Monthly Publication Highlight - Dr. Danzhou Yang
August 2017 - The Purdue College of Pharmacy is pleased to honor and recognize the outstanding research and scholarship generated by our faculty each month. This month we highlight Dr. Danzhou Yang, Associate Dean for Graduate Programs, Professor of Medicinal Chemistry and Molecular Pharmacology, and the Martha and Fred Borch Chair in Cancer Therapeutics.
Dr. Yang’s recent publication, “Insight into the Complexity of the i-Motif and G-Quadruplex DNA Structures Formed in the KRAS Promoter and Subsequent Drug-Induced Gene Repression”, can be read in the Journal of the American Chemical Society (2017; 139 (25), pp 8522–8536 DOI: 10.1021/jacs.7b02046). The study was conducted in collaboration with Dr. Laurence Hurley (PhD 1970, HDR 2014), College of Pharmacy, University of Arizona (UA); Dr. Christine Kaiser, former graduate student, UA; Dr. Prashansa Agrawal, former postdoc fellow in the Yang lab; and Natalie Van Ert and Reena Chawla, UA.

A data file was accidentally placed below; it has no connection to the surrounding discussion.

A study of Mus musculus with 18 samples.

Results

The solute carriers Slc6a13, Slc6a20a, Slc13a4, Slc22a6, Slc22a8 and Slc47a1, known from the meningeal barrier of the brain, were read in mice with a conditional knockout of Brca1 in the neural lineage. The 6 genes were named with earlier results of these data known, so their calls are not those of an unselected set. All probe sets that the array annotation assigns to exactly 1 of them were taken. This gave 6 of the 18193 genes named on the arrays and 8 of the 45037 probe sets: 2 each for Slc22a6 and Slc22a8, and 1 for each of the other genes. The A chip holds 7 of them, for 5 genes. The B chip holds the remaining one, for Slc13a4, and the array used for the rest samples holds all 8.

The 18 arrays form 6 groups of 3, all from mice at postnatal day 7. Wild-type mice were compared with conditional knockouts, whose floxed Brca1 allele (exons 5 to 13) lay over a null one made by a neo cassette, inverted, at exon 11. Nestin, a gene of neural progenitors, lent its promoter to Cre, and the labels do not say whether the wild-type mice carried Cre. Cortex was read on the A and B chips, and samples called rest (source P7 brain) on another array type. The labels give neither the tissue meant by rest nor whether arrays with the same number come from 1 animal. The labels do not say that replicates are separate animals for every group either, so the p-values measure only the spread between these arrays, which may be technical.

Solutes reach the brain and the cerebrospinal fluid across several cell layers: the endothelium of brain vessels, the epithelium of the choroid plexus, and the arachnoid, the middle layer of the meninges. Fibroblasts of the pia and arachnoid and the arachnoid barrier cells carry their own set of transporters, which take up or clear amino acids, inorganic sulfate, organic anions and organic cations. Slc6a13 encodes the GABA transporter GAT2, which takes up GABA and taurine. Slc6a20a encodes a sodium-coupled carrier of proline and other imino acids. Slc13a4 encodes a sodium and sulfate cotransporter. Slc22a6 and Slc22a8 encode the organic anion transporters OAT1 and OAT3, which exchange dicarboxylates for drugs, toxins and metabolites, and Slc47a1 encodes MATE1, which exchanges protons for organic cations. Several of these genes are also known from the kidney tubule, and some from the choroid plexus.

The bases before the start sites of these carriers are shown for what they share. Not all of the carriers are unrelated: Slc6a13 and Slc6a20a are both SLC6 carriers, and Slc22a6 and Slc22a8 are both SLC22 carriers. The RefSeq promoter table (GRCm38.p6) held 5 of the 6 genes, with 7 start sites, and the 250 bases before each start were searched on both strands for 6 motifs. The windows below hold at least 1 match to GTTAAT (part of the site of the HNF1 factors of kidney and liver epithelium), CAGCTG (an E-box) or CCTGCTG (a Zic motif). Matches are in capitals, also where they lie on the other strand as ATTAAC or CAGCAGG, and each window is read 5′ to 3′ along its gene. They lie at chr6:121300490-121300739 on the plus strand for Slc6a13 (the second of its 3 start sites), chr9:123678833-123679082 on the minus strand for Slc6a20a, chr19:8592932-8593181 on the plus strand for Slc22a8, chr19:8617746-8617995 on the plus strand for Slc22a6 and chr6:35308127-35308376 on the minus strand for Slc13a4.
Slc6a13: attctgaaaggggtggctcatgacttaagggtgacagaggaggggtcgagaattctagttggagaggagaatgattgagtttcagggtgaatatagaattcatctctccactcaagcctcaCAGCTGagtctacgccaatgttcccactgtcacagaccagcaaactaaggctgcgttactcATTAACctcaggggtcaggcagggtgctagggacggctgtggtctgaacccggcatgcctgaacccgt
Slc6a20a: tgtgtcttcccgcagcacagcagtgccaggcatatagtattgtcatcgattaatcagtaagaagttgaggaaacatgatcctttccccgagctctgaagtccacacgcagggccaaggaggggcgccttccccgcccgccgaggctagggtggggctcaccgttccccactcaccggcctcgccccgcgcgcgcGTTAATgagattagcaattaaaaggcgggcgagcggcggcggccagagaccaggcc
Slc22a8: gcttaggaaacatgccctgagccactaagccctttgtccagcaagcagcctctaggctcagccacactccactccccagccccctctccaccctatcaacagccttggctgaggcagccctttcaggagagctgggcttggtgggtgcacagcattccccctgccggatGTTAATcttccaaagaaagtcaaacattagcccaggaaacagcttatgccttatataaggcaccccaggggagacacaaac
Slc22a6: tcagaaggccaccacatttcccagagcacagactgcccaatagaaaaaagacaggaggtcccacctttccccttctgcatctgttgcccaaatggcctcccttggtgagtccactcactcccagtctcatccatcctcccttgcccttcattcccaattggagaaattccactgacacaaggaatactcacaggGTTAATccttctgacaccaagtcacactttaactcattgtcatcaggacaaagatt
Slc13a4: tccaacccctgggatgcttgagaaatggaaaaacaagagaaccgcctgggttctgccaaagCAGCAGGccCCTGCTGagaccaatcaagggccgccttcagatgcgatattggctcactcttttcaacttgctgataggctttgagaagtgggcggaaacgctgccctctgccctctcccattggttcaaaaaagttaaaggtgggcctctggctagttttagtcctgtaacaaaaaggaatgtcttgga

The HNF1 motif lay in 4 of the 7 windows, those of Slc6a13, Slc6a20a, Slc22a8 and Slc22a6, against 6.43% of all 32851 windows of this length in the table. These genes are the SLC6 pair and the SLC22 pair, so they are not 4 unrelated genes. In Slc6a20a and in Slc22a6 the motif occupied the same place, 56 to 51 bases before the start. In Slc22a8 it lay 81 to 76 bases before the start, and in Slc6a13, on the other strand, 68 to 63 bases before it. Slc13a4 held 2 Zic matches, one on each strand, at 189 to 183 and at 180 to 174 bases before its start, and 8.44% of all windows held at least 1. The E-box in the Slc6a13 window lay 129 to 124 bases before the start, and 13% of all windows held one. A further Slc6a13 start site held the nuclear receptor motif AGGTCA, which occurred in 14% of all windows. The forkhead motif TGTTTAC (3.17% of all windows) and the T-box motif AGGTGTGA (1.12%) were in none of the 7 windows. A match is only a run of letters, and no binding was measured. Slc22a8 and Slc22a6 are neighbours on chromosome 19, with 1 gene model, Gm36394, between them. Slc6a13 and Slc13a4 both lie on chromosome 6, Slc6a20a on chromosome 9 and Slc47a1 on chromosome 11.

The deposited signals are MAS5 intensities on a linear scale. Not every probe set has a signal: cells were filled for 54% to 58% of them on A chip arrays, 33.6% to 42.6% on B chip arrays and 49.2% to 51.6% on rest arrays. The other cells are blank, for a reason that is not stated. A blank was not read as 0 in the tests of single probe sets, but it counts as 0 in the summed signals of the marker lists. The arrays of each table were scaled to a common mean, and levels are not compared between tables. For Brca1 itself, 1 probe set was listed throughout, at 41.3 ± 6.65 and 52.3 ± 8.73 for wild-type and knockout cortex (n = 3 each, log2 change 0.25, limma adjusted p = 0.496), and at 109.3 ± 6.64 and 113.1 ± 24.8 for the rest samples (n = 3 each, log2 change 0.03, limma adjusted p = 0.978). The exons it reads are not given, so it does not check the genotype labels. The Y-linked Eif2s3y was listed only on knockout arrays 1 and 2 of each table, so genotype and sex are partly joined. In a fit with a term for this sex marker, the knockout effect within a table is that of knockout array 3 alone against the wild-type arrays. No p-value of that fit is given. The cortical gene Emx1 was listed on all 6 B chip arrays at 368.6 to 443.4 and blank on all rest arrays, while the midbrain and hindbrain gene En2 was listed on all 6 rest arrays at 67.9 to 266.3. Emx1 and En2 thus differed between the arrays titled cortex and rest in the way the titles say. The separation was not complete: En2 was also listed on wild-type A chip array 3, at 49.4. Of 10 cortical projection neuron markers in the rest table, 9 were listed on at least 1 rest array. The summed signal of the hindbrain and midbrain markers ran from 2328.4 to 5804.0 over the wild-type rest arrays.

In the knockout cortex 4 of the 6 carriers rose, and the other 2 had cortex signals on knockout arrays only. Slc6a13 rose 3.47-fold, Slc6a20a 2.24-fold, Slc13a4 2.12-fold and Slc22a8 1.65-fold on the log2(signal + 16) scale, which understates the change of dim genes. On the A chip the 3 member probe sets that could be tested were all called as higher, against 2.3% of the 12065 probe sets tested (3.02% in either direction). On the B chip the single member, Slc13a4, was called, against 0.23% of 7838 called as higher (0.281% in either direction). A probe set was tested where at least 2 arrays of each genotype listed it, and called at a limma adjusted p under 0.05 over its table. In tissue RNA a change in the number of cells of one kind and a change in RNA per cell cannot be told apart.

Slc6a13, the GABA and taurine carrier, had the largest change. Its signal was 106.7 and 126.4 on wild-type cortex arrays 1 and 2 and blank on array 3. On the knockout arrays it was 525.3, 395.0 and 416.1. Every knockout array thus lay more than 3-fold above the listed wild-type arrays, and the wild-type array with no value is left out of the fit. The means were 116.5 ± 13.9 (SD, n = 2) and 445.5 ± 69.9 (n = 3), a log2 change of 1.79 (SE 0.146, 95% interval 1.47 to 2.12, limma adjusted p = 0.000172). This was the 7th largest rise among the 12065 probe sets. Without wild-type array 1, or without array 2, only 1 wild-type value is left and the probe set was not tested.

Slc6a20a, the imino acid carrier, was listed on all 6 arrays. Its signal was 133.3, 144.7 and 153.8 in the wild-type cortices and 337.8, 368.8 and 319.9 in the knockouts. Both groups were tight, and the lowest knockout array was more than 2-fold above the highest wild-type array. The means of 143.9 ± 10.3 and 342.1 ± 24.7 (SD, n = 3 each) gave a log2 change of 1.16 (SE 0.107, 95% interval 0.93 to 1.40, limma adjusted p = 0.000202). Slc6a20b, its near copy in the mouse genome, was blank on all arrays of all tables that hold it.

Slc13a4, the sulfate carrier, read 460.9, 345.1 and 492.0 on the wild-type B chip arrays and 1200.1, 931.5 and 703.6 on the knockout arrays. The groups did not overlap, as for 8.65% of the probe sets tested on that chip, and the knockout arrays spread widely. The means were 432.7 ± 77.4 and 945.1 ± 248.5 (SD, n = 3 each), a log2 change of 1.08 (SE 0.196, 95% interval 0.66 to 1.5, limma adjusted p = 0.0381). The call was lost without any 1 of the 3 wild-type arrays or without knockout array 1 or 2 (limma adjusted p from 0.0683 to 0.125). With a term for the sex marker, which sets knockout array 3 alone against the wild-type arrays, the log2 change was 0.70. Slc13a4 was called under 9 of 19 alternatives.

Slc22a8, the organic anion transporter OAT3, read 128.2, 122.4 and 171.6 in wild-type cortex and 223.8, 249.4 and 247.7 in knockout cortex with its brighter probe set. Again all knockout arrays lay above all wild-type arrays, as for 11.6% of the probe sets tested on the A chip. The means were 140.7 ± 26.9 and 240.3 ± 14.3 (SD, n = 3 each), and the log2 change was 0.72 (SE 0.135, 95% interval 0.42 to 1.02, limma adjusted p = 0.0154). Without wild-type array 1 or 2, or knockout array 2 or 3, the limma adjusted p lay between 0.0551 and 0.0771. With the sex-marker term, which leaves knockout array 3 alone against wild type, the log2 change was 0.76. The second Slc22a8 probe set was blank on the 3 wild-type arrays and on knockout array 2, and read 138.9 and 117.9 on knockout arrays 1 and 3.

“KRAS is a hot target for cancer therapeutics,” says Dr. Yang. Activating mutations on KRAS frequently occur in pancreatic, colorectal, and lung cancers. Suppression of KRAS expression leads to tumor regression. While many attempts have been made to target oncogenic KRAS protein to date, no clinically useful therapies exist. Most efforts to target KRAS have focused on the mutant KRAS protein. “Here we describe a novel approach that involves targeting KRAS at the DNA transcriptional level. The promoter of the KRAS gene can form unique DNA secondary structures: G-quadruplexes on the G-rich strand and i-motifs on the C-rich strand. We found that the Mid-region i-motif is the most stable and interacts with the transcription factor hnRNP K for KRAS transcriptional control. We identified a novel small molecule that destabilizes the interaction of hnRNP K with the Mid-region i-motif. This same compound stabilizes the G-quadruplexes formed in the KRAS gene promoter. ” The combined effect of the compound on the i-motif and the G-quadruplex DNA secondary structures leads to inhibition of KRAS gene expression.
“DNA secondary structures appear to be a potential target to regulate KRAS transcription,” she says. “It is very interesting that a small molecule could target both i-motif and G-quadruplex formed in the KRAS gene promoter. This dual i-motif/G-quadruplex-interactive compound presents a new mechanism for KRAS-based anticancer therapies.”